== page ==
Less than two weeks before the scheduled closing of a facility for emotionally disturbed children in Rockville, more than two-thirds of its students have not been placed in alternate residential programs or schools.

Officials at the 25-year-old Christ Child Institute, a residential and day program, said they have been seeking substitute placements for the 33 students since they announced late last year that the school no longer could afford to stay open. As of last week, however, full programs have been found for only 10 children, according to Executive Director Kathleen Brown.

"We were very hopeful that with the amount of lead time (six months) we had, we would be able to say to kids and families, 'At this time this is where you'll be going,' " said Brown. "Instead we find ourselves coming to the wire with less than two weeks to go and still not finding places for a substantial number of our children."

Board members of the private, nonprofit institute announced in December that the agency no longer could underwrite operating deficits, which were running more than $100,000 a year. The cost of caring for the 21 residential students, who live at the center year-round and receive psychiatric counseling in addition to their schooling, had risen to more than $40,000 a year per student and the center was receiving less than $35,000 per student yearly in payments from area jurisdictions and donations from private foundations, according to school officials.

"Regrettably, it is the children who need the help the most who are being caught in the middle by this," said Brown. She has been working with the social services and educational offices in Washington area jurisdictions to find spots for the students, who range in age from 5 to 13. Brown added that a drop in the number of residential or comparable educational facilities throughout the state has compounded the problem of trying to find placements for the children, who come from throughout the metropolitan area. Many of them were referred to Christ Child by social services agencies or are wards of the counties or the District.

According to Brown, five of the 12 day students have not been placed yet in alternate educational programs. Among the 20 residential students, 10 have places to live but no school, and eight need both a school and an appropriate home situation. Brown said 20 of the 36 full-time staff members at the institute still are looking for jobs.

Ten of the students who are District residents have not been placed, said Brown, and most of the day students who are Montgomery County residents will enroll next September at the Regional Institute for Children and Adolescents (RICA) in Rockville.

Parents of students who have been placed in full programs--both educational and residential--also worry that the new programs will not provide comparable care. The day program at Christ Child runs 11 months of the year and most of the 12 day students also participated in an after-school counseling program that met three days a week for three hours. At that time, students received additional counseling in how to focus their attention, sit still and follow directions.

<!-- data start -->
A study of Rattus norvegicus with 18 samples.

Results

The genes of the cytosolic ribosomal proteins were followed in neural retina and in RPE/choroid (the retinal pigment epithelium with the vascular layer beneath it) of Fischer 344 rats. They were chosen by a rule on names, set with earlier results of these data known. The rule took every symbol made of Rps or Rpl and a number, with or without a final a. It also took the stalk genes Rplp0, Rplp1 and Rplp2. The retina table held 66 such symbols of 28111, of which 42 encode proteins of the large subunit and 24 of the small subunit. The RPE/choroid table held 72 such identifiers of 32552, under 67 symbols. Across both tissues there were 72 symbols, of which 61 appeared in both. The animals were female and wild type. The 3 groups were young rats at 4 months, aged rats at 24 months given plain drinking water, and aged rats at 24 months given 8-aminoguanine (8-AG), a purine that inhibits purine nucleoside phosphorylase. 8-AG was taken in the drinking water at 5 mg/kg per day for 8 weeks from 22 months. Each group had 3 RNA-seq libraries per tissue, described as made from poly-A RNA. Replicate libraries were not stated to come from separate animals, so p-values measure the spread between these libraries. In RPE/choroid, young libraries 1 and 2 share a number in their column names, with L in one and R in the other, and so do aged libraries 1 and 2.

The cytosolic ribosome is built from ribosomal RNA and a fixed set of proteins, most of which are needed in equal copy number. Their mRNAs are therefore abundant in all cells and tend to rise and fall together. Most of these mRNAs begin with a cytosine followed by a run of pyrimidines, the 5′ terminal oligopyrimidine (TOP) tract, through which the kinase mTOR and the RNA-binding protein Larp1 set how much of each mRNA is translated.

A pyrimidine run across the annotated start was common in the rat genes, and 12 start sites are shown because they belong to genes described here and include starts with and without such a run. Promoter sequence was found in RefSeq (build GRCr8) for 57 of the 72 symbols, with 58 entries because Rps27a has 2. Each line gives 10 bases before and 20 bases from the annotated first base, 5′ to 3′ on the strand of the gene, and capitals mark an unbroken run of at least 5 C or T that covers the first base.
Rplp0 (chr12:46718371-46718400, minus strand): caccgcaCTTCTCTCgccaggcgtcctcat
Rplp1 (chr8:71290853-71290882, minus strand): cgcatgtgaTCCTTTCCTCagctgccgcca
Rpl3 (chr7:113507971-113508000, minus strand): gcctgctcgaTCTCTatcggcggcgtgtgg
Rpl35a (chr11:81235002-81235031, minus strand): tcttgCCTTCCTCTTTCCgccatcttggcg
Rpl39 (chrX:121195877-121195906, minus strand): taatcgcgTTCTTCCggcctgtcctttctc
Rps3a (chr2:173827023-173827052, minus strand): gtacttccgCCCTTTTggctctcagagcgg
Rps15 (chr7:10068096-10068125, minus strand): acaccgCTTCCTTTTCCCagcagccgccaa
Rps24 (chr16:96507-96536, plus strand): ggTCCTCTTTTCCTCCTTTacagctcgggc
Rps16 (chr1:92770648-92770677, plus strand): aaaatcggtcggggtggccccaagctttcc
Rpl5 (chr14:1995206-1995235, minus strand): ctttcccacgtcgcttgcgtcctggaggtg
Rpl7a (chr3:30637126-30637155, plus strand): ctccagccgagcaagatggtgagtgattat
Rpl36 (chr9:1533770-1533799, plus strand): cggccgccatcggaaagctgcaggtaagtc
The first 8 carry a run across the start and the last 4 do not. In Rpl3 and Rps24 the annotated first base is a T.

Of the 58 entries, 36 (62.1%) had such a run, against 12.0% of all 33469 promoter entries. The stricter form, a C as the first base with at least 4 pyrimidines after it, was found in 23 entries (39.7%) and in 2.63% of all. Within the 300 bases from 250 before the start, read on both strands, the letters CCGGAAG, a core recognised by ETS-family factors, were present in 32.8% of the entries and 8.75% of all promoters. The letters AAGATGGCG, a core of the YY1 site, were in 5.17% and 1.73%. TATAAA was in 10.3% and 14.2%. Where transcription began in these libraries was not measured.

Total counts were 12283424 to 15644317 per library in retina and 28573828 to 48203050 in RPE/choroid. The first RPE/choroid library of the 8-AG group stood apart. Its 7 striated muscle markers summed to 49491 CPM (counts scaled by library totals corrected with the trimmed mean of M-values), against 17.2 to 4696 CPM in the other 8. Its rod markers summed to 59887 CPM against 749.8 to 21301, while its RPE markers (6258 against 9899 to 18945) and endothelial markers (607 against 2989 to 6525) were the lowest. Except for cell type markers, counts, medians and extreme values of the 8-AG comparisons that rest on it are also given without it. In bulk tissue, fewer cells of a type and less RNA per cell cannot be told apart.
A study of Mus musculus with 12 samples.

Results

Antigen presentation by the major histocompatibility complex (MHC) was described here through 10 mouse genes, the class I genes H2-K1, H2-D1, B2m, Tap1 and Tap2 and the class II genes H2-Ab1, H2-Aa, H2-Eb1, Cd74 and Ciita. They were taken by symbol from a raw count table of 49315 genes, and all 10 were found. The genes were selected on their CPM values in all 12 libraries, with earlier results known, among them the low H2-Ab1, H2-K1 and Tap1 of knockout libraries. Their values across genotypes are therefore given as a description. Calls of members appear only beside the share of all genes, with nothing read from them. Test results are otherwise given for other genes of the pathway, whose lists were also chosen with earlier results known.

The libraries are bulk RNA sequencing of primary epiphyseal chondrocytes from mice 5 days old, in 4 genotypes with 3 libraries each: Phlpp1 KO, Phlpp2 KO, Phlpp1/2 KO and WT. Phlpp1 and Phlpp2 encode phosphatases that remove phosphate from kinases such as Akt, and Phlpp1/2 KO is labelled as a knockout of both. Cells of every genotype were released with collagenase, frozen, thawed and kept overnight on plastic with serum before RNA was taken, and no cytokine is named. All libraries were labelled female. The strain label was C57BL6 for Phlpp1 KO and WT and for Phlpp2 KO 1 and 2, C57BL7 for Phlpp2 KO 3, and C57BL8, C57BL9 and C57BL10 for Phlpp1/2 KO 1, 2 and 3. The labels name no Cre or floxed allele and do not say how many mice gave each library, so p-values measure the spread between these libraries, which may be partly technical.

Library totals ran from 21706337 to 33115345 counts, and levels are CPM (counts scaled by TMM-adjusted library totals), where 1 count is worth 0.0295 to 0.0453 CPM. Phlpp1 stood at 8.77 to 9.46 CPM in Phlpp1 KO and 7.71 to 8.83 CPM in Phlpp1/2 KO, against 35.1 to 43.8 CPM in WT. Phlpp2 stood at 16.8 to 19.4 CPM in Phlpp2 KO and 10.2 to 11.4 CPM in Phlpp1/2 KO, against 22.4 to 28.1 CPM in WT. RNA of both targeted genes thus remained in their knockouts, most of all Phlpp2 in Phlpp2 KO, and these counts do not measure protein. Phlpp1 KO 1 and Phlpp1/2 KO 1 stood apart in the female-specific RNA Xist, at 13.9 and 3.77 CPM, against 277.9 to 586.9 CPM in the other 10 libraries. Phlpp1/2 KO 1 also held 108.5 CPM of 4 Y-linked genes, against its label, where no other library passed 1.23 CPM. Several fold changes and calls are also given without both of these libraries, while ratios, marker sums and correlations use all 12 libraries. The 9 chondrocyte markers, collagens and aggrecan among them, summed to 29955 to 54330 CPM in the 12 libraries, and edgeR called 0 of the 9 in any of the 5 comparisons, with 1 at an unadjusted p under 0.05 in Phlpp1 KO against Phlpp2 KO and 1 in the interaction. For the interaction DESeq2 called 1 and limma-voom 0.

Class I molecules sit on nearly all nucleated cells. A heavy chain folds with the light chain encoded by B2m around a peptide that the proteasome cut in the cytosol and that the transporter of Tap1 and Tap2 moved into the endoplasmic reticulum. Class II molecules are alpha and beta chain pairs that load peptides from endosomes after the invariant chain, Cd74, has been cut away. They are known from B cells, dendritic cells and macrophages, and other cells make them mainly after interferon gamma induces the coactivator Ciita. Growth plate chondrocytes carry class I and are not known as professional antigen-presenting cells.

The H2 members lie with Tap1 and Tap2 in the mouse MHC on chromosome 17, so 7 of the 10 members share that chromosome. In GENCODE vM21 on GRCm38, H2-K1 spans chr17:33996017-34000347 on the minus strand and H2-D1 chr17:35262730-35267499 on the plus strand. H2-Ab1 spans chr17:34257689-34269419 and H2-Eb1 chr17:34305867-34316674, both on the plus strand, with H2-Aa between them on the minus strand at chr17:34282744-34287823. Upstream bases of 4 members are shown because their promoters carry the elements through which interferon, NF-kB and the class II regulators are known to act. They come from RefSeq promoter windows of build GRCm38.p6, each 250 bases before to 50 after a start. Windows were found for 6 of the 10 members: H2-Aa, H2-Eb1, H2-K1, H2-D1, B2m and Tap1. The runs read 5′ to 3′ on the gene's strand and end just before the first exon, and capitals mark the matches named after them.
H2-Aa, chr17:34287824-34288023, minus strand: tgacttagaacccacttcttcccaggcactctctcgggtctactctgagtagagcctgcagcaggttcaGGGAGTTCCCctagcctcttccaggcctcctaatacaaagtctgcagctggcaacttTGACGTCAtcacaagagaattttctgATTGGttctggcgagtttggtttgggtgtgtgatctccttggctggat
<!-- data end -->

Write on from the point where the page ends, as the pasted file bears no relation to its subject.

"We really felt Christ Child was just more appropriate for our daughter's needs," said Mary Hall, whose 10-year-old daughter Dana will enroll next year at RICA in Rockville, where there is no after-school program like the one at Christ Child. "Any transition for kids like this is already very traumatic."

James McCombs, president of the Maryland Association of Residential Facilities for Youth, said Christ Child is only one of many private agencies for children that have closed over the past several years because of funding problems. McCombs cited Kinderheim, a youth care facility in Prince George's, which closed in January 1980, and the Florence Crittenton Home, a facility for emotionally disturbed adolescent girls, which will close at the end of this month, as two examples. Crittenton first opened in 1889.

Ironically, McCombs also blamed the recent entrance of the state into the field of residential care for youths as one reason a number of private facilities are closing their doors. The Maryland General Assembly approved legislation this year that would set up a facility in Prince George's County similar to the RICA facility in Rockville.

"When people in the administration talk about the failure of the private sector to rise to the occasion of helping people it's ridiculous," said McCombs. "Look at what's happening to those who are trying to help."